Sightseeing. A periodic tour of CVI news, views and events.

An Overall Thumbs Up on Audio Described Movies

Empish with headset onAfter years of not going to the movies because of my vision loss, I decided this year to make a change and explore audio descried movies. I was already somewhat familiar with them because I had rented a couple through the Atlanta Library for Accessible Services some years ago. Regrettably, I found the movie selection very limited and quickly lost interest. But today that has changed and not only can you find audio described movies to watch at home through WGBH Media Access Group but your local movie theatre has audio described options as well. If you are not familiar an audio describe movie provides extra verbal narration of visual elements happening in the film. It could be hand gestures, facial expressions, physical movements or a description of clothing and action happening in the movie. It describes things that a person with vision loss might not notice or realize.

Two major movie chains-Regal Cinema and AMC Theatres offer most blockbusters and current films in audio description. You can read more about these options and how they work by reviewing their websites. When I go to the theatre I request the device for the blind. It will be a headset attached to a small box with a little lever on the side for volume. Because there are devices for the deaf and also the hard of hearing, be sure that you make it clear you want the device for the blind and/or visually impaired. A couple of times I was given the device for the hard of hearing, which looks similar but is not attached to the small box for the volume control. Depending on the theatre you go to, you might have to do a little education with the theatre staff and take time to explain exactly what you need.

I give audio described movies an overall thumbs up because the description makes a movie accessible and enjoyable to a person with vision loss. I now realize that I have been missing critical and key information while watching movies. This has impacted my ability to get the fullness of the film. But there are some challenges I want to make you aware of.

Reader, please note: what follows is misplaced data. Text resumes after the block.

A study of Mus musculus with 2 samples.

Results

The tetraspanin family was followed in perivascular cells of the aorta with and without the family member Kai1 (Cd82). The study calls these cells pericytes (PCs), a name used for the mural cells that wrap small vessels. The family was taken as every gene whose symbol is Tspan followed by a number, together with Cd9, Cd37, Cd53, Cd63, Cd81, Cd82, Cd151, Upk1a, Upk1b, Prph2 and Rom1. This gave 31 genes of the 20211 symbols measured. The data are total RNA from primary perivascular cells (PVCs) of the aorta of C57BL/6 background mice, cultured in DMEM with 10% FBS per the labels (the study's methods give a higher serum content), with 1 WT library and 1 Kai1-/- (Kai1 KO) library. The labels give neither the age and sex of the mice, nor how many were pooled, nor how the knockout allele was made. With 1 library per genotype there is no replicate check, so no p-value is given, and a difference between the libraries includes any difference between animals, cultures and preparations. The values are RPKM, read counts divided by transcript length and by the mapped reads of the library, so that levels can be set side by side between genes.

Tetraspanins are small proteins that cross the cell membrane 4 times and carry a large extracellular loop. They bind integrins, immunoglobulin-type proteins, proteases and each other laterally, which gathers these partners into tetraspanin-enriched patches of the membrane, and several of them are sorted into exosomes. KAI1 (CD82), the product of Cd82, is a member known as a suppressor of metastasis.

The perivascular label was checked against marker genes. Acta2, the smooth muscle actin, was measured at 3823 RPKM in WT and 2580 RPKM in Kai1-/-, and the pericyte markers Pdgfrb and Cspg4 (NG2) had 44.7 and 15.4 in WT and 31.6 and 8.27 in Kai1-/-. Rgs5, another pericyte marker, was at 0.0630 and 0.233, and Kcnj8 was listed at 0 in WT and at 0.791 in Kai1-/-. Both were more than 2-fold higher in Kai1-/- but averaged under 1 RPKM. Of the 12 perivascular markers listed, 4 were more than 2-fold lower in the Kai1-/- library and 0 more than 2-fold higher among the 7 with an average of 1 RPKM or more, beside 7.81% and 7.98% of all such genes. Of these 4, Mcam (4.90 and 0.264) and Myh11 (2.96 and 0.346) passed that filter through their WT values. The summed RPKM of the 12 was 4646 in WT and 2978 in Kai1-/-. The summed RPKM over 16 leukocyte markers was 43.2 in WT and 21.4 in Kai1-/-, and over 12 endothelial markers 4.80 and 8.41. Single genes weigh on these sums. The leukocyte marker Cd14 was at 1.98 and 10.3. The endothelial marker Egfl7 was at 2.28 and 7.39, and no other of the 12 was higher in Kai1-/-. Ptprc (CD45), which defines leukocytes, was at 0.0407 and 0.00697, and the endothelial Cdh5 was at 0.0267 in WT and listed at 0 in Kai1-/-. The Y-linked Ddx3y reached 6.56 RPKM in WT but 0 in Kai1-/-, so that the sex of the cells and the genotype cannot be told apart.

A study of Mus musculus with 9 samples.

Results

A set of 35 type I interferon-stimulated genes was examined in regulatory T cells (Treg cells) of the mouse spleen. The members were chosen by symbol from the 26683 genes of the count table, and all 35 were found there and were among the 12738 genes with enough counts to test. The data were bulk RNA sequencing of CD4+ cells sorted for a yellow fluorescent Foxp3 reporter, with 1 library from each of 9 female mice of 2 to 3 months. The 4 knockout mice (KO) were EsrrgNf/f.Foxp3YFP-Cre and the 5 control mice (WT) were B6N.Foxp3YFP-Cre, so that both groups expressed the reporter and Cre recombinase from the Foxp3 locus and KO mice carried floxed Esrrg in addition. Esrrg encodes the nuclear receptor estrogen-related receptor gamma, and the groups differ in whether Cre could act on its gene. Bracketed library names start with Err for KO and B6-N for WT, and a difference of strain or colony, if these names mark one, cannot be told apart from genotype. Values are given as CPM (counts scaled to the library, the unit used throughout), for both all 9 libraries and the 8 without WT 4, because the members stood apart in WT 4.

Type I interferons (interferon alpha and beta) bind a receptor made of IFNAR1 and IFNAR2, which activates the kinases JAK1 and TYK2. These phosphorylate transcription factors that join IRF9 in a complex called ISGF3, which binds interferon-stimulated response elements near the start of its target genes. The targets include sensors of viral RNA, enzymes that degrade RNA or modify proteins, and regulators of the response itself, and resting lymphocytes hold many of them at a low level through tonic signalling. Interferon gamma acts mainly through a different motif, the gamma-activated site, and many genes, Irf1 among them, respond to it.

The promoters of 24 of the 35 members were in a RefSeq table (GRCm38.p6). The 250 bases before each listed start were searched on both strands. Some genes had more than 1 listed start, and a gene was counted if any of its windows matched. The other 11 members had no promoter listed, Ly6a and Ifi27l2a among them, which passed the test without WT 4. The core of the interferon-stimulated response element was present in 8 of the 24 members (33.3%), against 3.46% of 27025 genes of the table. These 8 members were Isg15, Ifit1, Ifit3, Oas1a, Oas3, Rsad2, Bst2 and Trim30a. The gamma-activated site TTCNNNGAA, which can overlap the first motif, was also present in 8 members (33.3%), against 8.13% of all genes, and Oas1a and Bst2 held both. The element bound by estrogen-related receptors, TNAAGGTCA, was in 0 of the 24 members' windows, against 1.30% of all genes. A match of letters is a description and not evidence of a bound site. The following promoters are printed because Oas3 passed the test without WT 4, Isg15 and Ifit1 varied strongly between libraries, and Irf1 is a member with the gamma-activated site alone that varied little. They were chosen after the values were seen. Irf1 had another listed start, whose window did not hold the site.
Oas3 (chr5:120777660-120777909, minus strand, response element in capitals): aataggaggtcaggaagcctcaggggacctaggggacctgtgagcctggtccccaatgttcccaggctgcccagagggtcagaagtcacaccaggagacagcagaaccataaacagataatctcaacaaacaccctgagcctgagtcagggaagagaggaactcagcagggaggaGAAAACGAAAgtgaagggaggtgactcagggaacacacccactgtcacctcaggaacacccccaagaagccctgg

One thumbs down of audio description is that the headset will not work until the movie actually is playing. So that means no description on the previews. That can be a challenge because sometimes the headset is not working properly and you won’t really know until the actual movie starts. I have been told that since each movie comes with a different set of previews it is hard to get those particular previews audio described in advance. Since this happens more frequently than it should, the theatre staff person is supposed to come back and check on you. But sometimes that does not happen. I usually give about 5-10 minutes and if no one comes I get up and go back up to the front counter. Sometimes staff gets busy with other customers and you will have to be assertive but patient when getting another headset.

I have gotten to know some of the staff at my local theatre and have even had a conversation with the manager. I have learned the best time to come to the theater when help is more available to me. I was encouraged to avoid opening nights or evenings because the theatre is usually more crowded. I also learned the hard way that when the actual theatre is crowded it is hard to hear the audio description in the headset because people are talking and being noisy. Today I go early in the day and early in the week to avoid all of this and that has been working out well for me.

Another thumbs down is that the movie might not be audio described even though it saysEmpish at the concession stand otherwise. It is a good idea to double check the availability of audio description. Although the theatre’s website says they offer audio description call and check again. I had an experience recently where a movie was listed as audio described and the theatre staff thought so too; but it was not. I wrote a nice e-mail to the corporate office expressing my disappointment and requesting a full refund. Some friends have experienced this too and were given free tickets to come backend see another movie.

I give the actual theatre chains a thumbs up. When I went to the movies on my own, the theatre staff was very helpful. They gave me the audio described headset, assisted me at the concession and guided me to my seat. Through some trial and error I discovered that if I sit near the back on the outer row I can navigate with my white cane out of the room pretty easily when the movie is over or if I have to get to the bathroom. I tend to frequent the same movie theatre so I have learned and memorize the floor plan and now have little difficulty with maneuvering around. If worse comes to worse I just ask someone walking by or follow my nose to where I smell the popcorn! That usually does the trick and I am back in the open where tickets and food are purchased. I have found that people are very helpful and will assist you if you need it.

Audio description is an excellent way to enjoy a movie and even with all the ups and downs I would encourage anyone with a visual impairment to check out their local movie theatre. So, let’s go to the movies! Have you experience watching an audio described movie? How was the experience? Did you have any challenges with your headset? Would you recommend audio described movies to a visually impaired friend? Please give your thumbs up or thumbs down in the comment section below.